When Does an App Become a Medical Device?

By Reade Harpham

 

 

Mobile device owners have developed an insatiable appetite for mHealth-related applications. According to industry estimates, by 2015, over half a billion people will be using mHealth apps.

The market has noticed, and to meet demand application developers are cranking out healthcare apps as fast as they can for a variety of uses. Some apps help people manage their own wellness. Others are used by healthcare professionals to access patient electronic health records. And some apps can even control medical devices, or display images and data that can be used by physicians to diagnose and treat disease.Some apps can even control medical devices, or display images and data that can be used by physicians to diagnose and treat disease.
 
While the technology platforms have changed, the humans using these products haven’t. Application manufacturers must still have the same concern for patient risk and safety as manufacturers of any other healthcare product.
 
Software innovators often ask: How do I know if my app is a medical device; and if it is, how do I know whether it’s subject to regulation?
 
Section 201(h) of the FD&C Act defines the boundaries for what constitutes a “medical device.” If a product is made that is intended for use in the diagnosis, treatment, or prevention of a disease or other health condition, it can be considered a medical device. Under this definition, most healthcare apps likely fall into this category.
 
However, the FDA has indicated that it does not intend to enforce regulation on every app that meets the definition of a medical device. Rather, it intends to use discretion in those cases where the app’s use (or potential misuse) poses a low risk to patients.
 
Last September, the agency released "Mobile Medical Applications – Guidance for Industry for Food and Drug Administration Staff." In the document, the FDA detailed its intention to regulate only those mobile apps that are medical devices and pose a risk to patient safety if the app were to malfunction.
 
According to p.7 of the guidance, the FDA defines a “mobile medical app” as an app that “is intended to be used as an accessory to a regulated medical device; or to transform a mobile platform into a regulated medical device."
 
The first criterion is the easiest to understand. If your app connects to a regulated device in some way, it is reasonable to assume that it should be considered an extension of that product. For example, consider an app that controls an insulin pump. Because the pump is a regulated device, any app that connects to and controls the pump would likely be considered an extension of that device as well.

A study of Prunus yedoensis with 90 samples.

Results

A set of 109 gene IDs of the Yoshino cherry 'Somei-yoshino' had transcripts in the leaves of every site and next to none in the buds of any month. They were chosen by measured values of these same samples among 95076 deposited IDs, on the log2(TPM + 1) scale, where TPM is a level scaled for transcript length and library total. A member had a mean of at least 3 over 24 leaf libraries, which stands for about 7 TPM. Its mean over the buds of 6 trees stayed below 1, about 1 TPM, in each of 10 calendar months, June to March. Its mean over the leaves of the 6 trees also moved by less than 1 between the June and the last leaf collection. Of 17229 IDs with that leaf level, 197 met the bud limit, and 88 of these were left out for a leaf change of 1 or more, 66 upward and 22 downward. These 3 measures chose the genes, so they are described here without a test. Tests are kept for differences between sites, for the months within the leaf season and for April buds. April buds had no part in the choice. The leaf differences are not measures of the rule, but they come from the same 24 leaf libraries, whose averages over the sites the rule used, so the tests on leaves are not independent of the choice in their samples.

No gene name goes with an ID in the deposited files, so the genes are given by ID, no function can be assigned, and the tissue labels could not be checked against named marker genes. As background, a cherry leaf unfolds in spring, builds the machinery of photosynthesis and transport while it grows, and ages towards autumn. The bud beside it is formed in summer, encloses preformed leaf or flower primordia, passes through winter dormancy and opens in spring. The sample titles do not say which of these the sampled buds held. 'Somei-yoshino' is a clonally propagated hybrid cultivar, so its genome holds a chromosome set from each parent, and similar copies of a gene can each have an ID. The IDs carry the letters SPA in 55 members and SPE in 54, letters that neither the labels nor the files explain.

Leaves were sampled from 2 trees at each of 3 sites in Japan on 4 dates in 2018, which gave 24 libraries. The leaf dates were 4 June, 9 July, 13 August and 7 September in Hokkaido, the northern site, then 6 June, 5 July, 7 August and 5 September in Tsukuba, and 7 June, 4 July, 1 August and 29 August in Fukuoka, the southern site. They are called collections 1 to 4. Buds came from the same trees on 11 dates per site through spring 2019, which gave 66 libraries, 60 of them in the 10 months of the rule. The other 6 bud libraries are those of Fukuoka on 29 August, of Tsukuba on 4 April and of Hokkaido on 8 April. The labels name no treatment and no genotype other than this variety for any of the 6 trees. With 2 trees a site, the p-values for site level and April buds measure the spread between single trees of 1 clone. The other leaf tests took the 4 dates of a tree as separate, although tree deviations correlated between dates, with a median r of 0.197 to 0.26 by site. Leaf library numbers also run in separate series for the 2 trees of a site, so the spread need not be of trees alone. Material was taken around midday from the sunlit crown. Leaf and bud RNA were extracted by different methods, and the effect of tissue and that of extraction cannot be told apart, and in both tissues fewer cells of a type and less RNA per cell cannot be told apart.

The second definition applies to technology that already exists and is just being converted into mobile form. For example, if you develop an app that is intended to replace an older electrocardiograph (ECG) machine with a streamlined version that runs on a mobile interface, that app would likely meet the same regulatory threshold as the original machine because it would still be receiving, measuring, and displaying ECG signals for analysis.
 
But if a mobile app is not intended to do any of those things, the FDA has stated that it intends to exercise discretion. Examples contained in the guidance document include apps that help patients self-manage their own conditions, track their health information, communicate potential medical conditions to healthcare providers, and so forth. In most cases, these types of apps might not be subject to regulatory enforcement. (Of course, you should always review the guidance and contact the FDA if you have any question over which category your app falls into.)
 
Regardless of whether or not your app is a medical device, you should still use a strong human-centric approach when developing it. Include human factors activities, research, and testing into your development plan. Not only is it the best way to prevent patient harm, it’s also the best thing you can do to maximize user satisfaction and long-term adoption once it hits the app store.
 

Reade Harpham is a Director for Battelle Human Centric Design where leads a multidisciplinary team of designers, behavioral scientists, human factors engineers, cognitive psychologists, design researchers, and modeling and prototyping experts. The purpose of the Human Centric Design team is to understand end user needs and translate them in to product or service opportunities. This team also designs and executes formative and summative human factors usability studies to meet FDA requirements. In his role, he is actively involved in the design process from initial opportunity qualification, proposal planning and execution, through detailed design and development.